Perceived Injustice in Organizations

  • Author(s): Elisabeth Enoksen
  • Publisher: Common Ground Research Networks
  • Collection: Common Ground Research Networks
  • Series: Organization Studies
  • Journal Title: Change Management: An International Journal
  • Keywords: Diversity Management, Subtle Discrimination, Segregation, Unequal Treatment, Immigrant Workers, Minority and Majority Groups, Change Management
  • Volume: 19
  • Issue: 1
  • Year: 2019
  • ISSN: 2327-798X (Print)
  • ISSN: 2327-9176 (Online)
  • DOI: https://doi.org/10.18848/2327-798X/CGP/v19i01/1-9
  • Citation: Enoksen, Elisabeth . 2019. "Perceived Injustice in Organizations: Reasons for Segregation of Immigrants." Change Management: An International Journal 19 (1): 1-9. doi:10.18848/2327-798X/CGP/v19i01/1-9.
  • Extent: 9 pages

Abstract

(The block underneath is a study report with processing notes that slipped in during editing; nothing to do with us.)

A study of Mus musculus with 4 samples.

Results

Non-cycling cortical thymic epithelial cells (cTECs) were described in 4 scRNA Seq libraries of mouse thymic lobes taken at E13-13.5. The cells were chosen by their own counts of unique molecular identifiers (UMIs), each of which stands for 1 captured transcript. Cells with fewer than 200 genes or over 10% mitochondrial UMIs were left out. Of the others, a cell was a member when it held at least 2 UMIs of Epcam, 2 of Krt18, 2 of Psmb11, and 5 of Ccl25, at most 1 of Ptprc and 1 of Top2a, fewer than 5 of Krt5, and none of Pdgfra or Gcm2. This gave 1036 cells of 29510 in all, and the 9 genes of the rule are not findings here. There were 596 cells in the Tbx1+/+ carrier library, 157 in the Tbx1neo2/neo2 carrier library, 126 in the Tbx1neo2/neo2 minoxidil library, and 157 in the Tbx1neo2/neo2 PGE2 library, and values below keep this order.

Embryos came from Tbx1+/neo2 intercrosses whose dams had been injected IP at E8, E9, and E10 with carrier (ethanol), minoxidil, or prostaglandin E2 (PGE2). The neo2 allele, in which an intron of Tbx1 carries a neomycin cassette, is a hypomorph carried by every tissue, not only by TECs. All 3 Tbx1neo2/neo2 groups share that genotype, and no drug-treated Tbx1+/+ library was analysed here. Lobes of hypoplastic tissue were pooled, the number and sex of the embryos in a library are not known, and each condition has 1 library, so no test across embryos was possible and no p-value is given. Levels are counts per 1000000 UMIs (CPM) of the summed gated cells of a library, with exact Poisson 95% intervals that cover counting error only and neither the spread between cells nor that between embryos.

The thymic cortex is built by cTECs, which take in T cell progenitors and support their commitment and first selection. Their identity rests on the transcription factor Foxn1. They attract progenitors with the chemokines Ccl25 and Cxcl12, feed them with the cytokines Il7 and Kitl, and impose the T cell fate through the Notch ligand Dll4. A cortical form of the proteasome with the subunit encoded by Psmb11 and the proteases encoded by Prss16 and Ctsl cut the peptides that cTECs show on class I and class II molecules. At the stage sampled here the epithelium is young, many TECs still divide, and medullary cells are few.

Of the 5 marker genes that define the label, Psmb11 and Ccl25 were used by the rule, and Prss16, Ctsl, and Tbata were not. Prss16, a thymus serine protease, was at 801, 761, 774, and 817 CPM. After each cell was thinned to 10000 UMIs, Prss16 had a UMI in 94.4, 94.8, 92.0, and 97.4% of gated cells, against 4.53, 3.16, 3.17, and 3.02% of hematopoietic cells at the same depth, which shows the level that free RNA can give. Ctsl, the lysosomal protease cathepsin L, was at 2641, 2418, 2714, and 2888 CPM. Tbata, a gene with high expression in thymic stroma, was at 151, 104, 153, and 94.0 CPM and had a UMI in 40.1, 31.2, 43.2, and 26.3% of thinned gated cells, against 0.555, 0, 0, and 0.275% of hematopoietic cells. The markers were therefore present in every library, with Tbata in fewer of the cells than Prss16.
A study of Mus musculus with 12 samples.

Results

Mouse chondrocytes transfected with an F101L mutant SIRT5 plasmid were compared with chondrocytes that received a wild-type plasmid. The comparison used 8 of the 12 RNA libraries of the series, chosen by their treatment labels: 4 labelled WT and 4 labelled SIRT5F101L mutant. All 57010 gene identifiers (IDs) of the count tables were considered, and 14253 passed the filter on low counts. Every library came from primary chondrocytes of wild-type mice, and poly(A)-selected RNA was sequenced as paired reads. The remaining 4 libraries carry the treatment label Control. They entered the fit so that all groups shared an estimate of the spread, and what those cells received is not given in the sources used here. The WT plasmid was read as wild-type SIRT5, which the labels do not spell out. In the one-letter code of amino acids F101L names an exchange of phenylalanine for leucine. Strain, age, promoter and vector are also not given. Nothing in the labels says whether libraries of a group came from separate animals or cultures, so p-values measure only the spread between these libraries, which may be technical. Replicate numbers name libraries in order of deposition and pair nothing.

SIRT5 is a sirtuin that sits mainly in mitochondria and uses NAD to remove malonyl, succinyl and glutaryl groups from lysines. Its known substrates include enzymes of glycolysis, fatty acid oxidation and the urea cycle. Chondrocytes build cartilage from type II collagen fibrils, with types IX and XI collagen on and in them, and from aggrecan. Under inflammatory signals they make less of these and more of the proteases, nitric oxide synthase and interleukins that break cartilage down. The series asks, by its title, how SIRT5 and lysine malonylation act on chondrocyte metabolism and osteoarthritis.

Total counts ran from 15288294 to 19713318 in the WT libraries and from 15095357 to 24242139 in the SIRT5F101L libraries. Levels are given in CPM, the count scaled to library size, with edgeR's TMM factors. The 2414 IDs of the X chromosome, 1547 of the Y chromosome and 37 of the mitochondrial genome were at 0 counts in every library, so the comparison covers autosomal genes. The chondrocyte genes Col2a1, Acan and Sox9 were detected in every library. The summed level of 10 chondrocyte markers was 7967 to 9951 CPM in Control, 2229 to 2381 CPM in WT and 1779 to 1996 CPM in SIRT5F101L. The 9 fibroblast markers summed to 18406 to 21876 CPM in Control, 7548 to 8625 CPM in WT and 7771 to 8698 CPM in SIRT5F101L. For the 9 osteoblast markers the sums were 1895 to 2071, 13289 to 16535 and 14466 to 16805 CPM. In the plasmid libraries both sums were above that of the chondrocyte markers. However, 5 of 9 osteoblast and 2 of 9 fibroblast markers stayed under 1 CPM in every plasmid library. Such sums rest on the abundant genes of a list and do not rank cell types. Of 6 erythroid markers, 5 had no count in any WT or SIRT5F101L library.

Despite antidiscrimination laws and diversity initiatives, discrimination still exists in workplaces. Employees of both majority and minority origins must challenge this unfairness. However, in today’s organizations, subtle rather than more blatant discrimination may be more predominant and thus more difficult to recognize. Because of social categorization and ingroup-thinking that affect perceptions and often result in stereotyping, majority employees may not perceive injustice in the workplace. They may tend to believe that immigrants prefer to be segregated rather than the latter being caused by unequal treatment. This study examined what employees (N = 224) in a public health sector clinic in Norway perceived to be the reason for why immigrants are segregated in the workplace. Two hypotheses were tested. The first hypothesis claims that perceived segregation of immigrants in the workplace is associated with a low score on the belief that immigrants are subjected to unequal treatment that leaves them disadvantaged. The second hypothesis claims that perceived segregation of immigrants in the workplace is associated with a high score on the belief that immigrants are primarily concerned with their own special interests. Both of the independent variables significantly contributed to explaining variance in the dependent variable. However, contrary to the prediction, the first hypothesis was positively related to perceived segregation. The analysis thus showed no support for the first hypothesis, whereas it did support the second hypothesis. Although the respondents perceived that immigrants were being subjected to unequal treatment, the belief that immigrants are primarily concerned with their own special interest was considerably stronger. This indicates a tendency towards seeing segregation in the workplace as a result of immigrants’ own wishes, thereby limiting majority employees’ motivation to change the situation. The results are discussed together with suggestions for organizational change initiatives.